John Tuvey
April 27, 2012
 

Day one of the 2012 NFL Draft is in the books, a first round split almost right down the middle between offense and defense. But fantasy leaguers will want to focus on the 11 “skill” position players who heard their name called by Roger Goodell Thursday night in New York City. Here’s a rundown of those picks and an early look at their fantasy prospects.

Day Two Fantasy Fallout »

1.01 - QB Andrew Luck, Colts
The post-Peyton era officially begins, and Luck won’t be sitting behind Drew Stanton. Indy’s in full-on rebuilding mode, but at least Luck will have Reggie Wayne and Austin Collie to work with. The Colts will be a bad team, giving Luck the opportunity to pad his stats while playing from behind. Without the rushing numbers Cam Newton used to pad his stats Luck is still a long shot to be an immediate fantasy factor, but he’ll at least have a weekly opportunity to get you points and there’s no denying his dynasty potential as well.

1.02 - QB Robert Griffin III, Redskins
Mike Shanahan gets his mobile quarterback, and Dan Snyder adds Pierre Garçon and Josh Morgan to Griffin’s receiving corps via free agency after packaging all of Washington’s draft picks to move into position to draft the Heisman winner. Now fantasy owners have to wonder if Griffin can produce Michael Vick numbers, Cam Newton numbers, or merely better-than-Rex-Grossman numbers. Newton’s success and Griffin’s Vick-like speed give the Redskins’ rookie immediate fantasy upside as well as the obvious dynasty value of a new franchise QB.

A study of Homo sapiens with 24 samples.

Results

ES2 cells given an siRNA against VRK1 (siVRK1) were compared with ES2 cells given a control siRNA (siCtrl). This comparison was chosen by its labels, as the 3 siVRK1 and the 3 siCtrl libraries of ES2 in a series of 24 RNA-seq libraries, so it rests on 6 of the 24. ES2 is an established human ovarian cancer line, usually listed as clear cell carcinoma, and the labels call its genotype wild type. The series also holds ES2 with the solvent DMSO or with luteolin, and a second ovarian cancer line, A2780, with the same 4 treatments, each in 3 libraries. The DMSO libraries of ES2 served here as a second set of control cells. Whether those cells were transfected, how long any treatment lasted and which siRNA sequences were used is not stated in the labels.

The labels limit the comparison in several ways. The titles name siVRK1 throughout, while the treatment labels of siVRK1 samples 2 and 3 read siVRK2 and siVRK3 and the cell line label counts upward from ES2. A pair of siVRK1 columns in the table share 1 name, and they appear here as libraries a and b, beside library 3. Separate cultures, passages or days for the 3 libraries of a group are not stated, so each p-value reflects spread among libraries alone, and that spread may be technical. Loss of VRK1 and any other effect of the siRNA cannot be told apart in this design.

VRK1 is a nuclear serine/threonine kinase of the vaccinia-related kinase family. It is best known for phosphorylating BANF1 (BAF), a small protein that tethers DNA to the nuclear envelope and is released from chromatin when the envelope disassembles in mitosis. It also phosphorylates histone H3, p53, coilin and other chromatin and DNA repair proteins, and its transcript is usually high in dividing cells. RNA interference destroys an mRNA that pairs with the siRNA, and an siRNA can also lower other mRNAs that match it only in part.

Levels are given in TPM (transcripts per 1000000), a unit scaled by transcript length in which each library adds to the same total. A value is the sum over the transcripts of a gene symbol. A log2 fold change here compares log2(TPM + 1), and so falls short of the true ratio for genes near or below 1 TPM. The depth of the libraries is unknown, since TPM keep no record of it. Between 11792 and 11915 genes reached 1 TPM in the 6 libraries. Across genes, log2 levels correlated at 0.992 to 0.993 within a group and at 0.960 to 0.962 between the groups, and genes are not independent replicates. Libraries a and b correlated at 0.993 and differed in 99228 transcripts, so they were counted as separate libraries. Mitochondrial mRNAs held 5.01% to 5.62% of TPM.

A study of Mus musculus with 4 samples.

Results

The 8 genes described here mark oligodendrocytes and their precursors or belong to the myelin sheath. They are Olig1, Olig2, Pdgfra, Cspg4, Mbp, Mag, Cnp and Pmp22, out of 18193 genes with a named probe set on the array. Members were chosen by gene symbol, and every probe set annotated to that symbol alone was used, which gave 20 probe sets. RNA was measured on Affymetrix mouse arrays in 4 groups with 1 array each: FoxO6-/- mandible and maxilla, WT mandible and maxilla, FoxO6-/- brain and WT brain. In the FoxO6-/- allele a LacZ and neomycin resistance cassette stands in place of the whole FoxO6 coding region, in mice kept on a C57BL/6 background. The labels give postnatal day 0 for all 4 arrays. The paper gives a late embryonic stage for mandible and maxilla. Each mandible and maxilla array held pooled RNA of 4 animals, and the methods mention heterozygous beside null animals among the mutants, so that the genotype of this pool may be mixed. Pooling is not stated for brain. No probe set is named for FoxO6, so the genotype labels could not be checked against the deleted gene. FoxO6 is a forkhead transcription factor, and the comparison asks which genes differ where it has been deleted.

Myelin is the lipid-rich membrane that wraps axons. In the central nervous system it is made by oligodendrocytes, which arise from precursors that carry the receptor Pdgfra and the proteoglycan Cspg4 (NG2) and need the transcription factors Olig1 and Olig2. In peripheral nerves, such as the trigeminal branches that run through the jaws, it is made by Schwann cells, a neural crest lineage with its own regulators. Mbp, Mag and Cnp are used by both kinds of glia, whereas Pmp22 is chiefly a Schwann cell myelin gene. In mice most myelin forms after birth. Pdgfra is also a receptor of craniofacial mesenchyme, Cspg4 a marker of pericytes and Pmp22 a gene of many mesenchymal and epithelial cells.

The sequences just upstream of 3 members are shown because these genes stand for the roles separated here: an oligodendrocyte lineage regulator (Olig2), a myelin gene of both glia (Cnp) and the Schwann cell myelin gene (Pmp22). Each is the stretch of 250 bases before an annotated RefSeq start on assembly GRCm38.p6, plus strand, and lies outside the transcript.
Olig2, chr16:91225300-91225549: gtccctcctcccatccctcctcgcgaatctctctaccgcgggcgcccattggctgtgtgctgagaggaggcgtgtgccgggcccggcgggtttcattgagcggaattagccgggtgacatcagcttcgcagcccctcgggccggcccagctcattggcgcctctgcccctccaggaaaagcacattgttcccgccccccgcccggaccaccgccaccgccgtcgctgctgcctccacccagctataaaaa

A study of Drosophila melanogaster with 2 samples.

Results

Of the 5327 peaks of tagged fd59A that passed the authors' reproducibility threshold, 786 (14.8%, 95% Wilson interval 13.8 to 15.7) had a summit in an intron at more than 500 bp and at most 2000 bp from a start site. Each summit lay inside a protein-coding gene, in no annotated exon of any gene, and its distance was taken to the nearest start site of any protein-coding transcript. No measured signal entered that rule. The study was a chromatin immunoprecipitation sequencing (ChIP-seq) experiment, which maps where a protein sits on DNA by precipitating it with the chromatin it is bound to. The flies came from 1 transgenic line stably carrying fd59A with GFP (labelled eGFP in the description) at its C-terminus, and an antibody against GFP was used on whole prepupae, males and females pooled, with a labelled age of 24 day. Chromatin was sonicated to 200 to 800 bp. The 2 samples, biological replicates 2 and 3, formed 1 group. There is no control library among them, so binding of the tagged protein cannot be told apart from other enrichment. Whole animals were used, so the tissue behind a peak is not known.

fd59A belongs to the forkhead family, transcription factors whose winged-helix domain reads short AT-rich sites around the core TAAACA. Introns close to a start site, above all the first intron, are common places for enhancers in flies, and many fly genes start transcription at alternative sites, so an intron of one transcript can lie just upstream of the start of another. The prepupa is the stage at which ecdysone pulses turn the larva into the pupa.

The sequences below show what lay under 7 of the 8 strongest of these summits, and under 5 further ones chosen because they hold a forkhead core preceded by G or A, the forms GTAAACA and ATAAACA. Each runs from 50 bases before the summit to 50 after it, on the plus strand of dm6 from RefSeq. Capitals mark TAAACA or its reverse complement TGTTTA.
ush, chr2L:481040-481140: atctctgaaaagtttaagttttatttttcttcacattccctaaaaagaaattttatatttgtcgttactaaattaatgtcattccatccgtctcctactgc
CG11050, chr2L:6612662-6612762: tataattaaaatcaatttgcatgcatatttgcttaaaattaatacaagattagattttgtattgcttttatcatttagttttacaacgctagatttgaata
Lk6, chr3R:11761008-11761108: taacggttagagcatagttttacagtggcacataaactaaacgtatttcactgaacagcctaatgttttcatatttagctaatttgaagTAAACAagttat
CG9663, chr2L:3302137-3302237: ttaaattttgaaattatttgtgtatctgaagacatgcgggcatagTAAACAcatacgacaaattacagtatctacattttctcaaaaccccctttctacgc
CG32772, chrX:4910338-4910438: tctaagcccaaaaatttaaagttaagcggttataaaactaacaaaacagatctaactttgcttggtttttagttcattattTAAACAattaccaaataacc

1.03 - RB Trent Richardson, Browns
Vikings GM Rick Spielman created a market for Richardson, so the Browns tossed a few late-round picks at Minnesota to ensure they ended up with the feature back their offense so desperately needs. Richardson walks immediately into 20-plus touches a game—what, he’s going to share with oft-injured Montario Hardesty or Brandon Jackson?—a workload that vaults him into immediate fantasy consideration. If Peyton Hillis can produce 1,500 combo yards and score a dozen touchdowns with a similar, perhaps lesser, supporting cast and Richardson now fills the Adrian Peterson role in Brad Childress’ offense, perhaps we have an exception to the “rookie running backs are no longer a big deal” theory.